The Making of New World Slavery: From the Baroque to the Modern, 1492-1800 Paperback – 23 Apr 1998
About the Author
Robin Blackburn is editor of New Left Review and the author of The Overthrow of Colonial Slavery. During the course of writing this book he was a Fellow of the Woodrow Wilson International Center for Scholars, Washington D.C., and a Visiting Professor at FLASCO (Facultad Latinamericano de Ciencias Sociales), Quito, Ecuador.
It is this density of factual and intellectual quality which actually makes it a difficult book to read. It took me the best part of a year, on and off, to make my way through it.
The Making of New World Slavery is two books in one. The first deals with how and why New World slavery came into being and examines the economic rationale behind it, the economic systems which developed associated with slavery and the ideological justifications for it and the emergence of modern racism as a consequence of the slavery of Africans. There is also a discussion on previous forms of slavery such as that in Rome.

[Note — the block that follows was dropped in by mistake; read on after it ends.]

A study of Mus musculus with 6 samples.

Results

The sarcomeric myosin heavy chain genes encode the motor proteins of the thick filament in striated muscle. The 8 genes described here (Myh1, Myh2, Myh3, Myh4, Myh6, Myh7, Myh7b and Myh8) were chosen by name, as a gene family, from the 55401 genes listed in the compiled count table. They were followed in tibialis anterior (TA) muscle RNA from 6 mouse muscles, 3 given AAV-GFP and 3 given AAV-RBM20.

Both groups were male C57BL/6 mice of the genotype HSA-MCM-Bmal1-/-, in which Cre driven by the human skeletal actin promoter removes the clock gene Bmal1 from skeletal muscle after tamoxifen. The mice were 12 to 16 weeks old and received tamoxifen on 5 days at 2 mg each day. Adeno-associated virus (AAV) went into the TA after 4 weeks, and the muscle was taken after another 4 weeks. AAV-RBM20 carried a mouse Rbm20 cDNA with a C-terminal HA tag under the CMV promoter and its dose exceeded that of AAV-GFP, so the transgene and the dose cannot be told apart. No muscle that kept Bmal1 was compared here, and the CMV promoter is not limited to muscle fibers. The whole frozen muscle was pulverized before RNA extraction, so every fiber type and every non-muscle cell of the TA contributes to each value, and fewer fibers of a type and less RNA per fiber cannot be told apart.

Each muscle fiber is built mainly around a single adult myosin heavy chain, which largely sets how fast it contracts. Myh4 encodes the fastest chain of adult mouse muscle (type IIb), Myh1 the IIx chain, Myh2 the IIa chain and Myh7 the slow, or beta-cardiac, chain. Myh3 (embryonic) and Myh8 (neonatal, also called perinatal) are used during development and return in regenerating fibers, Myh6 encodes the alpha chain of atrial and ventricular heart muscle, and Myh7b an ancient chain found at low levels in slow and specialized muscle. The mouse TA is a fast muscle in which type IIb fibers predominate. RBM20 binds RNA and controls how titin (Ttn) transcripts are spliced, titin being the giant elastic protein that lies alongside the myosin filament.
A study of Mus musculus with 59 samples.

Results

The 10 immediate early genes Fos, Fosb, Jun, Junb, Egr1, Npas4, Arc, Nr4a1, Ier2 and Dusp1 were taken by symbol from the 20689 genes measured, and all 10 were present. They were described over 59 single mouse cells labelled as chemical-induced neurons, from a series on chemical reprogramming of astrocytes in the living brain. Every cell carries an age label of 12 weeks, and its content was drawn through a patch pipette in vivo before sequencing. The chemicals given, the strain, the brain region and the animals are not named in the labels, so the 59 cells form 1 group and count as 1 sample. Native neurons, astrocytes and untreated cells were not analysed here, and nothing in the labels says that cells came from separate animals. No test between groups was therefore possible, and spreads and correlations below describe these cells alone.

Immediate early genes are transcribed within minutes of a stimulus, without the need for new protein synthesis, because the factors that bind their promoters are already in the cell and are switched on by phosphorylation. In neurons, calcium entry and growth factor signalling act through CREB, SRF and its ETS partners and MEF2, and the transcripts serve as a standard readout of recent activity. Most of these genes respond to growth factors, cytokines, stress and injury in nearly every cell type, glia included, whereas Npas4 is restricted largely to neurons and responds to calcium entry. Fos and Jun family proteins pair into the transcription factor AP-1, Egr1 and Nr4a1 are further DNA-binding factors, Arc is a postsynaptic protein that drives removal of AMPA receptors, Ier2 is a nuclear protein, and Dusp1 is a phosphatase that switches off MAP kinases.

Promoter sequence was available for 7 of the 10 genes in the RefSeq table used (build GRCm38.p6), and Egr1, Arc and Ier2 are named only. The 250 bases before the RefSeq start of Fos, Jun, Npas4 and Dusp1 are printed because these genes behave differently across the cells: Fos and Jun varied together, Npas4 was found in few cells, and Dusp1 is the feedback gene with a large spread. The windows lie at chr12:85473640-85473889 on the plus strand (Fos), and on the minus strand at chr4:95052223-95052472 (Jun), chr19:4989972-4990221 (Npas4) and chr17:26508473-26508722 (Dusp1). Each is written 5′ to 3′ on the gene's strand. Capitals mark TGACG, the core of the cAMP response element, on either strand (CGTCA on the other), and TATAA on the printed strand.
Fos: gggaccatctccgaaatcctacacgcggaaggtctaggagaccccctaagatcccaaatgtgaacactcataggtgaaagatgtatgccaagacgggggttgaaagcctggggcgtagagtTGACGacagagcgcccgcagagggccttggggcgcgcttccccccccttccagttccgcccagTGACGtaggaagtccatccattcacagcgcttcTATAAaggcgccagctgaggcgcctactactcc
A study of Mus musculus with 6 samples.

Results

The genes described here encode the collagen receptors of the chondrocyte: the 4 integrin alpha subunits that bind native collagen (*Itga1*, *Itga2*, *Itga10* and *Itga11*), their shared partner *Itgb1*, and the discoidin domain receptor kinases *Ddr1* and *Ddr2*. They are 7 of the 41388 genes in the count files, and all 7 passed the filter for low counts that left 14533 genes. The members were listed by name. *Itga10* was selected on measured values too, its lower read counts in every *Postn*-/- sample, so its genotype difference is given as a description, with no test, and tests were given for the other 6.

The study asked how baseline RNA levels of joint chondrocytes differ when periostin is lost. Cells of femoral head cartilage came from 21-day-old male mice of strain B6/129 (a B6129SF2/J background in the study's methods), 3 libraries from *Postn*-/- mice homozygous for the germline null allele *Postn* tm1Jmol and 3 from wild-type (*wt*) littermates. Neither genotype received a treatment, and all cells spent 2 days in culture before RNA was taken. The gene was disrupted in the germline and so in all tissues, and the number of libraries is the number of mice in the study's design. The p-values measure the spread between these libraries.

The second examines how surplus value was extracted from plantation slavery and how this surplus relates to Marxist concepts of 'primitive accumulation' and how plantation slavery and the capital generated from it helped cement the rise of industrial capitalism in Britain.
A truly great book.
It describes the setting up of the trade occurred and how it operated in practice. The brutality, the mechanics of how slaves were obtained how they were sold, what they did as slaves.
The absence of passion makes the book an even more powerful indictment of the institution of slavery. It describes how in most of the colonies slaves were over time worked to death. In Brazil, the usual life expectancy was seven years.
The book is challenging as it raises questions about the origin of our societies and seriously challenges the notions that European Society was either civilized or Christian.